Remembering 'The Twilight Zone'
"There is a fifth dimension, beyond that which is known to man. It is a dimension as vast as space and as timeless as infinity. It is the middle ground between light and shadow, between science and superstition, and it lies between the pit of man's fears and the summit of his knowledge. This is the dimension of imagination. It is an area which we call the Twilight Zone."Rod Serling
How many of you remember that opening that introduced the world to the fantasy genius of Rod Serling?
The Twilight Zone" must be one of my favorite series of all time bar none. I cannot really think of an episode of this watershed series that is weak or bad. Most of these episodes are quite outstanding as they explored themes as timeless as humanity and many as relevant today as they were fifty years ago.
The Twilight Zone appeared in 1959 after a script Serling pitched to Desilu Productions appeared on an episode of Desilu Playhouse. In that teleplay, a man time travels back to Hawaii in 1941 to warn the Navy about the imminent attack on Pearl Harbor.
The success of the episode was enough to launch Serling's dream anthology series the Twilight Zone. His vision was a series that would allow him to write about controversial subjects and his perspectives without being offensive. By setting these themes in the science fiction genre and using fantasy as a buffer, Serling was certain that he would have more freedom to explore these issues in that context and he was correct.
The show premiered to rave reviews on October 2, 1959 and Serling became the major writer of the series for two seasons penning 48 of the 65 episodes. In later seasons, he reduced his writing load to focus more on producing the series. Each episode in those first seasons were a half hour long and ran on CBS.
The other major writers besides Serling in those first two seasons as well as throughout the series were Charles Beaumont and Richard Matheson. By the end of the series this core team of writers penned 127 episodes of the 156 episode run.
Unfortunately, disease robbed us of Beaumont's talents far too early as he died at the age of 38 from a brain disease that later researchers attributed to a combination of Alzheimer's disease and Pick's disease. He left behind a body of work besides the Twilight Zone episodes that included dozens of short stories, anthologies and film scripts. Matheson's work is much more well known having only died a month ago at the age of 87. His body of work not only included episodes of Serling's series, but many of the Edgar Allen Poe film script adaptations that were produced by Roger Corman in the 1960's, scores of short stories, novels and anthologies and teleplays for many well-known series including "Star Trek", "The Alfred Hitchcock Hour" and "The Night Stalker".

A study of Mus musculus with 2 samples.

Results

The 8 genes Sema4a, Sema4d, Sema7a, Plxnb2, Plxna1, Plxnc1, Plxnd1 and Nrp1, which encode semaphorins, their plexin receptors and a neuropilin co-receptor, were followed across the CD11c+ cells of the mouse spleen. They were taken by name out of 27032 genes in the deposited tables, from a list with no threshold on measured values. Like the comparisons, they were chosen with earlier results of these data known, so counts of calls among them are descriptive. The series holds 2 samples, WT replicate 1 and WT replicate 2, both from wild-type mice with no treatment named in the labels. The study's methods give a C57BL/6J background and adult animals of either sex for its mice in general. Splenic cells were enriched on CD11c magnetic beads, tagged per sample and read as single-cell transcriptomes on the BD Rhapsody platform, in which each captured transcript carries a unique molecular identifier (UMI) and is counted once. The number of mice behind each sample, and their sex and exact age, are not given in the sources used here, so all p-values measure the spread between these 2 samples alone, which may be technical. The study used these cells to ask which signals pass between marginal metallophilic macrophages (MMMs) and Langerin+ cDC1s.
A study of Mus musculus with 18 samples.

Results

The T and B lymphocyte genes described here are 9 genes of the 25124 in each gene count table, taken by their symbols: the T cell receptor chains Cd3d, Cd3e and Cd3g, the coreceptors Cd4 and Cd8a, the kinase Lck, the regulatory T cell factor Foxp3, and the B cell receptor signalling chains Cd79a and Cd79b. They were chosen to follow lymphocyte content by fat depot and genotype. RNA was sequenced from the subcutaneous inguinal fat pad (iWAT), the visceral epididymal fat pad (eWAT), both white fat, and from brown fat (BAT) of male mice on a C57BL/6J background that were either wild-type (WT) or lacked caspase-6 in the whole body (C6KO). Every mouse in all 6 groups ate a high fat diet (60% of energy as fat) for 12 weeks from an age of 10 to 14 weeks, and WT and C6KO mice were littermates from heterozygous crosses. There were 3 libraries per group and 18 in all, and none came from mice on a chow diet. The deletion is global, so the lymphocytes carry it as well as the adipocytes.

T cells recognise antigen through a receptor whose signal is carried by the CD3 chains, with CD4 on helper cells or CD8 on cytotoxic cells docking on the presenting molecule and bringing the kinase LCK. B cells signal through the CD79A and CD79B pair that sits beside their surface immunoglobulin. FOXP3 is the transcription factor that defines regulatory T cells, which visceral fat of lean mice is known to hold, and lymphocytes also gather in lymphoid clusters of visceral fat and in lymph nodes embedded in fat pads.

By the third season, other writers joined as Beaumont's health failed and Serling's output decreased. To help with the scripts, other writers were introduced one of whom was Earl Hamner, Jr. Hamner's name should be familiar to anyone old enough to remember 1970's television shows.
While he wrote several episodes of the Zone, Hamner is best known for the show based on his family memories in Virginia where he still resides. That endearing show "The Waltons" made stars of Richard Thomas and Michael Learned among others. In the fourth season, the episode length increased to an hour before being reduced once again for the final season.
The show finally left the air in 1964 after being cancelled in late January. The last episode was called "The Bewitchin' Pool" and was fittingly co-written by Hamner and Serling. While the show's original run left the air that year, it has endured in popular culture ever since spawning two revival series and a motion picture. It also probably inspired generations of writers since its premiere all those years ago.
The series even won two Emmy Awards and was nominated for two others in its run. Both wins were Writing Achievements in Drama and were won by Serling himself. The show can be seen currently on the SyFy channel and usually are run in marathons on major holidays.
Almost everyone who has watched Twilight Zone has favorite episodes, but I did find an official list from TIME magazine of their top ten shows. They include "Living Doll" which had the chilling Talking Tina doll, "Walking Distance" which is about a man whose car breaks down near his boyhood town and "It's a Good Life" about a boy with strange mental powers.
Also on their list is "The Monsters are Due on Maple Street" which is a study of human fear; the chilling "Hitchhiker" about a woman and her ride, and "Nightmare at 20,000 Feet," one of the most famous episodes featuring a pre-Star Trek William Shatner.
Nearing the top of their episode list is "The Invaders" which is an episode with no dialogue, "To Serve Man" a missive about caution and "The Eye of the Beholder" in which things are definitely not what they seem.
Topping their list though is one of my favorite episodes as well, "Time Enough at Last." Any book lover would enjoy this exploration of what it might be like to be able to read unfettered by obligations. Unfortunately, there is an ironic wrinkle in the main character's plans that totally throw them awry.
Everyone has their favorite episodes of this watershed series and next week, I will share some of mine which may not match TIME's but I think they are excellent none the less. Write and tell me some of yours.